Relative Concentration of the Armies:
June 28, 1863 till noon July 1, 1863


  The Blackford Map
The Hotchkiss Map
The Armies Move North from Virginia
Cumberland Valley to Gettysburg Map
South Mountain to Susquehanna Map
Campbell Brown's Recollections
The Narrows out of South Mountain
Rail Net Damage by Stuart and Early Map
Lee's Retreat To Falling Waters Map
Positions of the Armies: June 28 to July 1
 

 

 

Hooker’s Corps Crossed the Potomac Near Leesburg, on the 25th and 26th, the Last Corps on the 27th. Hooker Moved Between Frederick and the South Mountain, Expecting Lee’s Army to

Advance East Through the Gaps.

Hooker Remained In This Position Until Relieved of Command, the Morning of the 28th.

By That Time Reports Had Arrived, of Enemy Infantry Appearing At York and Carlisle.

Taking Command From Hooker the Morning of the 28th,

Meade, Late in the Day, Orders the Army to Move North-Northeast,

To Cover Washington and Baltimore.

Twenty-Four Hours Later the Union Army Corps Are dispersed Over a Range of

Twenty-Five Miles, Stretching From the Monacacy to Manchester, Behind Pipe Creek

 

Meade Has Weighted His Army to the Right, puttng Five Corps to the Right

Of the Monacacy and Two to the Left. He Thinks Lee Is Moving to

Attack His Right.

During the Day of the June 30th, Meade Still Fears For His Right. But, as the Day Progresses,

Enemy Force Develops At Fairfield Against His Left, and He Moves Reynolds’s

First Division, Supported by Howard’s and, Later, Sickles’s, corps, Behind Marsh Creek,

At the Mason-Dixon Line, With its Front Facing Northwest Toward Fairfield.

Meade Still Has Three Corps Behind Pipe Creek, Between Union and Manchester,

Guarding His Right

The Three Corps to the Right Are Twenty-Five Miles Away From the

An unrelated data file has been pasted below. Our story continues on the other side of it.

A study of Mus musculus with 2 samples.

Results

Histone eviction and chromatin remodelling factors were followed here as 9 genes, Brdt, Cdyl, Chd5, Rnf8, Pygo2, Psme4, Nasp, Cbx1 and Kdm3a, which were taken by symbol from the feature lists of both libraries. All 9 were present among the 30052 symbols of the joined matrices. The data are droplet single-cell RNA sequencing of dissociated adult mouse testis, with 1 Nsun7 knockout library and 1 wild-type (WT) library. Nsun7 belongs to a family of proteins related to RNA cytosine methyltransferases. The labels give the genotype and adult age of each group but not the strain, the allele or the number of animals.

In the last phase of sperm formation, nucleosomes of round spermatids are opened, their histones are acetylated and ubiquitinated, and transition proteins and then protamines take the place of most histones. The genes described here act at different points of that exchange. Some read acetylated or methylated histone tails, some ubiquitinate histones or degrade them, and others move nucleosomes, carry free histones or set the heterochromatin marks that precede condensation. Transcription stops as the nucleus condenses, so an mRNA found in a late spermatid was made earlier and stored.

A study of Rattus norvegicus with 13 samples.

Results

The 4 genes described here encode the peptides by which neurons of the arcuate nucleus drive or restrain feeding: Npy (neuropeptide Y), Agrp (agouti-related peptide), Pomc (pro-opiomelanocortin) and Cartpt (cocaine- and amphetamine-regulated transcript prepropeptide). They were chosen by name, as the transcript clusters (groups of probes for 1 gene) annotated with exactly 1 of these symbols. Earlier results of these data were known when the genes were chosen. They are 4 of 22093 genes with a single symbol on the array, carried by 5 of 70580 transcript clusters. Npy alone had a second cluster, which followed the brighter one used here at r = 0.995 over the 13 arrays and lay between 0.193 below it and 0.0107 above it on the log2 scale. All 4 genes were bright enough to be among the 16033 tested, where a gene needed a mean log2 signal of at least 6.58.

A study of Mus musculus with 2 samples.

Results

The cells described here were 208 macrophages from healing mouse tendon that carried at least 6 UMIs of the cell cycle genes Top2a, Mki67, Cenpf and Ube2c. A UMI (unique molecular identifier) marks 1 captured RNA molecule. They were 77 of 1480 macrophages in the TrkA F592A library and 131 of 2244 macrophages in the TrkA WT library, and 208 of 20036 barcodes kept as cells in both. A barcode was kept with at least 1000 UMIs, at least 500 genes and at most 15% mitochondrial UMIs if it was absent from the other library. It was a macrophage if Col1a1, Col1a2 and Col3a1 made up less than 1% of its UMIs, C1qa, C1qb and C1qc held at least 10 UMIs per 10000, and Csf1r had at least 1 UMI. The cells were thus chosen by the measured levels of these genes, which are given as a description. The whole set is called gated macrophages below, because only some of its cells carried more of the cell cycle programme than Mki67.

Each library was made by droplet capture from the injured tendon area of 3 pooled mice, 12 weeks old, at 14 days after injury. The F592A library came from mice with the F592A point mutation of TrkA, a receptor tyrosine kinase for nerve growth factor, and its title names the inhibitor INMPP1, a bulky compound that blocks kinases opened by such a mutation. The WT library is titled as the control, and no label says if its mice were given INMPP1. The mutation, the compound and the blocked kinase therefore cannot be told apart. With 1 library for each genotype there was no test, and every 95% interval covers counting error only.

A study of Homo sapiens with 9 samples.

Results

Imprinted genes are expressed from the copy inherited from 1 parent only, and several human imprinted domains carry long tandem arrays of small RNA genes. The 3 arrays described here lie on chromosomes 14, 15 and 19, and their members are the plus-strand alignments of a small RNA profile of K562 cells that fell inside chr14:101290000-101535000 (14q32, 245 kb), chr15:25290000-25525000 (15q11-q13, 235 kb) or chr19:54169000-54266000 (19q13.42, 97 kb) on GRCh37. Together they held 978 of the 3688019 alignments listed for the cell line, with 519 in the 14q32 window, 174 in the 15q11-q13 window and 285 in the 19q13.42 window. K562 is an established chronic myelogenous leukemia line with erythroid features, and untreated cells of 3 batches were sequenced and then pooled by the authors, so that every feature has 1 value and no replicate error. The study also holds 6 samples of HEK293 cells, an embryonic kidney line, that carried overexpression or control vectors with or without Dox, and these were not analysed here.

Three Corps on the Left, with One Corps, the Fifth, in the Middle.

Ewell, with Rodes and Early’s Divisions is at Heidlersburg.

Hill is at Cashtown, Longstreet Behind Him.

Johnson’s Division of Ewell’s corps is Between Shippensburg and Scotland.

Late In the Night of the 30th, Meade Is Informed By Halleck That

The enemy Has Withdrawn From Their Positions Near Harrisburg and at York.

He Knows Too, by Now, That Hill and Longstreet Are in the Cashtown Gap,

And Showing Force At the Mouth.

Still Expecting the Enemy to Advance Against His Front, He Orders Reynolds

To advance Toward Gettysburg to Feel For the Enemy, and If They Are Coming

To Fall Back to Pipe Creek.

Reynolds Advances, Finds No Enemy Advancing, and Continues to Gettysburg

Where He Forms a Battleline as He Encounters the Front of Hill’s corps.

Three Large Rebel Divisions Wrestle With Two Small Union corps;

Given the Absence of Immediate Support, the Union Retreat Would

Have Been Forced Away From Cemetery Hill, Had Ewell Had

Present Edward Johnson’s Division.

Had Stonewall Jackson Been Alive, He Probably Would Have Been

In Command of Lee’s Fighting Wing.

 

Gettysburg Concentration Article



Joe Ryan

Joe Ryan Original Works

@ AmericanCivilWar.com



 
About the author:
Joe Ryan is a Los Angeles trial lawyer who has traveled the route of the Army of Northern Virginia, from Richmond to Gettysburg several times.